Friday, 10 February 2017

PM comes to town

Yesterday, I trudged up the hill to the high school where Prime Minister Justin Trudeau was scheduled to have a Town Hall Q &A type public event. I was eager to hear about issues identified by the community, to validate their concerns publicly and to listen to the PM's response. I waited on the bleachers as the space filled with people talking and waiting in anticipation. The day-care kids were even towed in on a rope and told to "Sit quietly because the Prime Minister was coming," although I am not sure what that means exactly to a three-year-old.

Mayor Redford and Inuit organization leaders from
all territories speak of new partnerships. PM is late.
Inuit organization leaders welcomed the crowd and introduced themselves speaking of the announcement of new policy agreements between the federal government and Inuit. But, the official arrival of the PM was delayed. The event was cut short. No translation provided in Inuktitut. Instead of a public forum where issues and responses were shared, the event was changed into a tea and bannock meet-and-greet. Essentially, a selfie fest playing on the celebrity side versus political engagement.

PM Justin Trudeau arrives at High School. Speaks for 2 min
before tea and bannock meet-and-greet selfie fest.
I felt deeply disappointed. Chatting over tea and bannock is an excellent way to have open and honest conversations with a small group of people, even better than a formal setting in my opinion. But it is not a good forum for engagement on issues in a crowd of several hundred people. It is again a PR stunt.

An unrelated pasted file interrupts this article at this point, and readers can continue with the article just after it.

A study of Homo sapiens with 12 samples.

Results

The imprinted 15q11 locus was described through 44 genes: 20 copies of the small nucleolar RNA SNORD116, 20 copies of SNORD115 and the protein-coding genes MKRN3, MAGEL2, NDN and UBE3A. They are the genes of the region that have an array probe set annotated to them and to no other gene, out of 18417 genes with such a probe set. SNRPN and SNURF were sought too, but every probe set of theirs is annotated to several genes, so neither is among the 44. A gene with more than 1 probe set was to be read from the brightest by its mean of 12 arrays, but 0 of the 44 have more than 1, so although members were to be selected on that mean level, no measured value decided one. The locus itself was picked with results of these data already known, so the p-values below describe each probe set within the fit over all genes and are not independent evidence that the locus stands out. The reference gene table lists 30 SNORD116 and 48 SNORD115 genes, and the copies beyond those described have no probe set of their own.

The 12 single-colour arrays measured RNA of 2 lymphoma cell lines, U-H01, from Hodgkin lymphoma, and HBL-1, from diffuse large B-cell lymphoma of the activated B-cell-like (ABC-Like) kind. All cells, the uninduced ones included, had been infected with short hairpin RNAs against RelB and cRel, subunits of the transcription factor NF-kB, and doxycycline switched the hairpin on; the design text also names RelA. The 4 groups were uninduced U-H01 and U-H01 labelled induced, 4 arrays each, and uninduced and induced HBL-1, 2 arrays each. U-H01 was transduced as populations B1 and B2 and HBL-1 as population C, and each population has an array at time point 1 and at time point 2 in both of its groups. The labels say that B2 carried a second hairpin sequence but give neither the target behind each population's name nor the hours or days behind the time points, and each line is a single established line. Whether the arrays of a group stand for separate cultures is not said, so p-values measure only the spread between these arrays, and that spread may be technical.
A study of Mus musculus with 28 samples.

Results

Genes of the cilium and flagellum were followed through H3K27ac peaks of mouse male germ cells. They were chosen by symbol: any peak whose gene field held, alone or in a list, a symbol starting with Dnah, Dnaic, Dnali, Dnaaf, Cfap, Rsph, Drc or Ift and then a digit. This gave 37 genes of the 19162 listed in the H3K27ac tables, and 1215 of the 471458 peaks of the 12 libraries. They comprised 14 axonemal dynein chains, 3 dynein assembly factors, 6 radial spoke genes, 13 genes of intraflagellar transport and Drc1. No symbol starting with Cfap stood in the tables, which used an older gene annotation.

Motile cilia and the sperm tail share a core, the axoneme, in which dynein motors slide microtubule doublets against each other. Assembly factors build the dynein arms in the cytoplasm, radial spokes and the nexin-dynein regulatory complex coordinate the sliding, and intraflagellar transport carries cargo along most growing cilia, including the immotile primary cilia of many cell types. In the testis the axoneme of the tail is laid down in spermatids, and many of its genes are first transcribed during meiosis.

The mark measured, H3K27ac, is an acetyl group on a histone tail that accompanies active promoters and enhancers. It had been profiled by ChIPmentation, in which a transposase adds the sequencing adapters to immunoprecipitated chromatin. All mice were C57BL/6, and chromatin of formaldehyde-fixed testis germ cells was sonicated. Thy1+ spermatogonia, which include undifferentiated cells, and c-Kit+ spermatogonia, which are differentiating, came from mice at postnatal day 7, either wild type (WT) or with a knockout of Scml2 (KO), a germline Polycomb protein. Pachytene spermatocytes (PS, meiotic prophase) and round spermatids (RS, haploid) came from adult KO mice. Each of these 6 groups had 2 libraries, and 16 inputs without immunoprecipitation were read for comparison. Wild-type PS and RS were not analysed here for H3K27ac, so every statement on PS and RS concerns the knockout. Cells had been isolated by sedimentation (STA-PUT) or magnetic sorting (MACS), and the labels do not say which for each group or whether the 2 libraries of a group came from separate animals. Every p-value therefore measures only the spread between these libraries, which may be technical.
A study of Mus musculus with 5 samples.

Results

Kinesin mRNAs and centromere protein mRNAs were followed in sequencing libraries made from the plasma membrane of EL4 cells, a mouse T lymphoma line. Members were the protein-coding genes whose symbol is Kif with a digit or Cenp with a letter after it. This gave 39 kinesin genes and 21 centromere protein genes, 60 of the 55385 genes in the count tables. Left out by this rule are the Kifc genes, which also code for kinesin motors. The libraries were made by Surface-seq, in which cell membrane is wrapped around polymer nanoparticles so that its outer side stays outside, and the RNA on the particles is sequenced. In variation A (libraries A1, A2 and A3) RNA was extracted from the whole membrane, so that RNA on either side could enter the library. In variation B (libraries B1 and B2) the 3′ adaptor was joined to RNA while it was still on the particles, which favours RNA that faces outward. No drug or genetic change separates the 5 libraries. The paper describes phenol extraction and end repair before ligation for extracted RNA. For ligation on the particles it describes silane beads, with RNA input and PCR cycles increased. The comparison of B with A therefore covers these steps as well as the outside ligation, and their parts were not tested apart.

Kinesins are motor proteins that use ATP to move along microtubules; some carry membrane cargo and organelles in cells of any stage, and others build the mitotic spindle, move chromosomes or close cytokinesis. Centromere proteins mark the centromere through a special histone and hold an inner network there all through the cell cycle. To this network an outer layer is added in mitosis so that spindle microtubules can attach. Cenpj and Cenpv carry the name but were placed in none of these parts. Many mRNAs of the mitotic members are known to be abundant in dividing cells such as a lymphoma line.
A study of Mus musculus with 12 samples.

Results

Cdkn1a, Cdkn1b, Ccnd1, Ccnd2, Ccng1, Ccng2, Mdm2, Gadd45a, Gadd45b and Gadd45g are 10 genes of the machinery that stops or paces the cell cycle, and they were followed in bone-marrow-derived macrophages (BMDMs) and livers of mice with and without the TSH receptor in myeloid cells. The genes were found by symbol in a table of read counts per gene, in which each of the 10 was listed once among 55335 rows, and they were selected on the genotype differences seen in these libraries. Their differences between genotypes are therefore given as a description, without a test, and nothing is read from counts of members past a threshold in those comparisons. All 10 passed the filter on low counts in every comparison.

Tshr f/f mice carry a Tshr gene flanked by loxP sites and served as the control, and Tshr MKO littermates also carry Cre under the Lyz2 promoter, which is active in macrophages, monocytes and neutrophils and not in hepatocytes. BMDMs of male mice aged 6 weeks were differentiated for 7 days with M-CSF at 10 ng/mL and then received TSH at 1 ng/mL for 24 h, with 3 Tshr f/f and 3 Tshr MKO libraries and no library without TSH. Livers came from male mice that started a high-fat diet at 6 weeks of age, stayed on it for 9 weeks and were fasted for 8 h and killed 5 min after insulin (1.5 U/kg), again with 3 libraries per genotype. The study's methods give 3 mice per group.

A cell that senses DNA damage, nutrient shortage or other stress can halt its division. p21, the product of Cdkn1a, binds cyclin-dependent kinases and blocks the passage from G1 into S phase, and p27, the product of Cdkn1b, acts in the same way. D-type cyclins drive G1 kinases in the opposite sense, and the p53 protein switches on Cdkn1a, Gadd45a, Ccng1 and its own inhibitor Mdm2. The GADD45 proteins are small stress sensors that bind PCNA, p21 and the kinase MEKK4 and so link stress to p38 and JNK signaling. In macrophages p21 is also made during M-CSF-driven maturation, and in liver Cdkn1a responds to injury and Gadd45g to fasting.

I stood back and chatted with those around me and watched the swarms of selfies. I observed. The woman next to me said, "Oh, isn't he just cute as a button." I watched the excitement of many taking selfies and the pride of parents who handed over their babies to be bounced around by the PM. I even got a handshake and a "plaisir de vous voir". I was admittedly thrilled but chose to take photos of people taking selfies instead of asking for one myself. I wanted to ask instead for opinions, for plans, for some level of accountability. I wanted to know about plans for implementing the United Nations Declaration on Indigenous People, about electoral reform, about the delicate balance of economic development and environmental protection in an area of the world so directly affected by climate change. Instead, I watched hand-shakes and selfies.

I saw or heard a few people ask questions. I could not hear the responses through the crowd. Today, I was surprised to hear one recorded conversation about electoral reform covered by the CBC. There may have been more people who pushed through and gave space to questions or issues but it was not a shared, public space. The issues were not heard or validated by the community. The responses were not shared for everyone to hear and debate.

In the fall the federal government hosted a public consultation on electoral reform here in Iqaluit that was widely criticized. The event was poorly planned to provide space for engagement. It was not widely advertised and there were no Inuktitut interpreters. I feel like this event fell into a similar category. Many in the crowd were appeased with selfies but there was little space for critical discussion and dialogue.